David's Blog

Stripping Exif tags, magick-rust, and nix-built docker images

My site now supports stripping Exif tags (and others) on media when uploaded via the Micropub media endpoint I've implemented. This was important to me to ensure that, when possible, identifying information like location is removed from any images I upload. This is doable before uploading the images but integrating it into the web endpoint makes it much more likely that it'll happen (especially if I ever get the micro pub implementation up to the point where something like a mobile upload can happen).

The code itself to do so within the upload handler was pretty straightforward so the more interesting bit is how I got to the point of being able to write that code and also packaging it up once it compiled.

Challenge 1: Stripping tags in Rust

I did a fair amount of looking around for solutions to this problem. Since my server is implemented in Rust, I was looking for Rust bindings to strip tags as reliably as possible (and didn't want to have to go down the rabbit hole of implementing it myself, for now).

There were some pure-Rust image crates but none seemed to have support for what I wanted to do. There was also `magick-rust` which provides Rust bindings for the ImageMagick MagickWand library. I would have preferred bindings to other portions of the ImageMagick API as the MagickWand stripping bindings seem to do a bit more other stuff than I really wanted but I still wasn't quite willing to build bindings to the rest of the API. The goal was stripping tags without implementing a whole lot of stuff in Rust in order to do so.

One problem was that the strip functionality provided in this API wasn't yet surfaced in the `magick-rust` crate. This seemed like something I would be able to add without going down a huge rabbit hole so I proceeded with this approach (the alternative at this point, given no other Rust options, was to shell out to ImageMagick itself so this was preferable). It also gave me a chance to learn about `rust-bindgen` as that is how this crate was built. A small PR later, the crate would support stripping tags! Excitingly, that PR was quickly accepted and merged.

Along the way, I also learned that default `rust-bindgen` cargo features involve building `clap`, a CLI parsing crate that's somewhat large (but also quite handy). This was surprising to me and stood out as my server doesn't currently have that crate as a dependency, so I dug in there. I learned that the default build of rust-bindgen also builds it as a CLI which requires that crate. I haven't made a PR out of this change yet but it seemed fairly easy to turn off that extra functionality, so I did so in a branch.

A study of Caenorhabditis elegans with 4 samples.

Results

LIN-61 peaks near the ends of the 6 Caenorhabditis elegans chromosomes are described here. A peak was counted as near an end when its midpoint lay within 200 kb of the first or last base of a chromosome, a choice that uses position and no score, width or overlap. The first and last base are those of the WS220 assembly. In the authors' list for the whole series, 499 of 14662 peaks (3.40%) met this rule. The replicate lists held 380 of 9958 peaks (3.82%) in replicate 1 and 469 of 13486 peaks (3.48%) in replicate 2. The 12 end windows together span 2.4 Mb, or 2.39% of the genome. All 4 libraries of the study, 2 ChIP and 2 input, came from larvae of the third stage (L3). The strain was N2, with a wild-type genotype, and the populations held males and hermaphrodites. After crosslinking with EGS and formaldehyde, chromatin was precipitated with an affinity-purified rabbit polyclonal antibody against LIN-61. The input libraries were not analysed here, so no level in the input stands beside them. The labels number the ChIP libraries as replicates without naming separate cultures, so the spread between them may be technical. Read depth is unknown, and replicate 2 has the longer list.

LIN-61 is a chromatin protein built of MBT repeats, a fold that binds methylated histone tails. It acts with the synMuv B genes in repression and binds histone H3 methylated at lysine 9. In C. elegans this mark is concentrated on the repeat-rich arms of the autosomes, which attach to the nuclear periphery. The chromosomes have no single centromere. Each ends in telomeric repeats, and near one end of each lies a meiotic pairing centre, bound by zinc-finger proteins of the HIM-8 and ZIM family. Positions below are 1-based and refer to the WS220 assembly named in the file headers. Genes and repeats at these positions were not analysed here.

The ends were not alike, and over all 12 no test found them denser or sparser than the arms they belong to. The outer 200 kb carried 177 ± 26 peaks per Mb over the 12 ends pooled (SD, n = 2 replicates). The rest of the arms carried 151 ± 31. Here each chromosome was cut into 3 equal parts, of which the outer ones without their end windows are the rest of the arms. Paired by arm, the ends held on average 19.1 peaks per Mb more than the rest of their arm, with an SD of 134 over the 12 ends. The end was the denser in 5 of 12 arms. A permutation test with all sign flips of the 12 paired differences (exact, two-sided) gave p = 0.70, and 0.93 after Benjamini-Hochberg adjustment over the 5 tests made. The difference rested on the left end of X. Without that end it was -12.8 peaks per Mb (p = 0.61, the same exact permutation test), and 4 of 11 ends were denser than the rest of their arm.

Challenge 2: Building a functioning Docker image

The other issue I ran into with this "small" bit of functionality was that I needed to be able to have the proper version of ImageMagick available at runtime so that my server could actually do the stripping (this dependency is not statically linked). This lead to a host problems.

First, the apt-based repositories the existing image build had access to were still on a 6.x version of ImageMagick. The `magick-rust` crate requires a build in the 7.0.x range or later. At first, I tried to work around this by building ImageMagick from source during the image build. This didn't seem too bad initially, I didn't have a whole lot of trouble getting the source downloaded, built, and installed within my Dockerfile. The trouble was, even once that was happening, the server was erroring when the image tag stripping code was called.

Looking into this some more, it turned out that a bunch of "optional" ImageMagick dependencies were not available (and had been mentioned as such during the `configure` script) and this meant that it didn't know how to read a bunch of common image formats. I had a really rough time trying to make all those deps available to the build. I tried to list them all out in an `apt-get` command, did things like installing the 6.x version to make sure its deps were available, and more, all to no avail.

Separately, I've been experimenting with Nix package manager (and NixOS) recently and had no problems building and running the server from within a `nix-shell` environment. Nix had a new enough ImageMagick and making the symbols available to the server at runtime wasn't really much of a problem. I knew that there was a way to build Docker images with nix and so, failing all of my more traditional attempts at packaging my server into a container image with its new ImageMagick dependency, I decided to look at packaging the server in a Docker image with nix.

This first involved being able to build my micropub server via `nix-build`. I'd written some other package derivations at this point so it seemed feasible but I hadn't done any Rust packages yet. It turned out not to be too bad, I ended up primarily following the `naersk` readme (and transitively, `niv`'s too). That paired with some additional suggestions from the NixOS wiki and Xe's blog (which has also been quite helpful with Nix in general) got me going. Once I had the project being built via `nix-build`, adding the Docker bits was relatively straightforward! (I leaned on essentially the same resources there, with the addition of the official manual).

Once all that was said and done, I had a minimal Docker image that could run my site and (finally) strip Exif tags from images that I upload!

I have more thoughts about Nix package management that I'm working to write up. It appeals to me in quite a few ways but some of its requirements also make me question whether I want to stick with it. In a lot of ways, the problems are endemic to package management or configuration management tools in general and so I might just have to decide to live with this one given all the benefits it brings. More on that soon, I hope.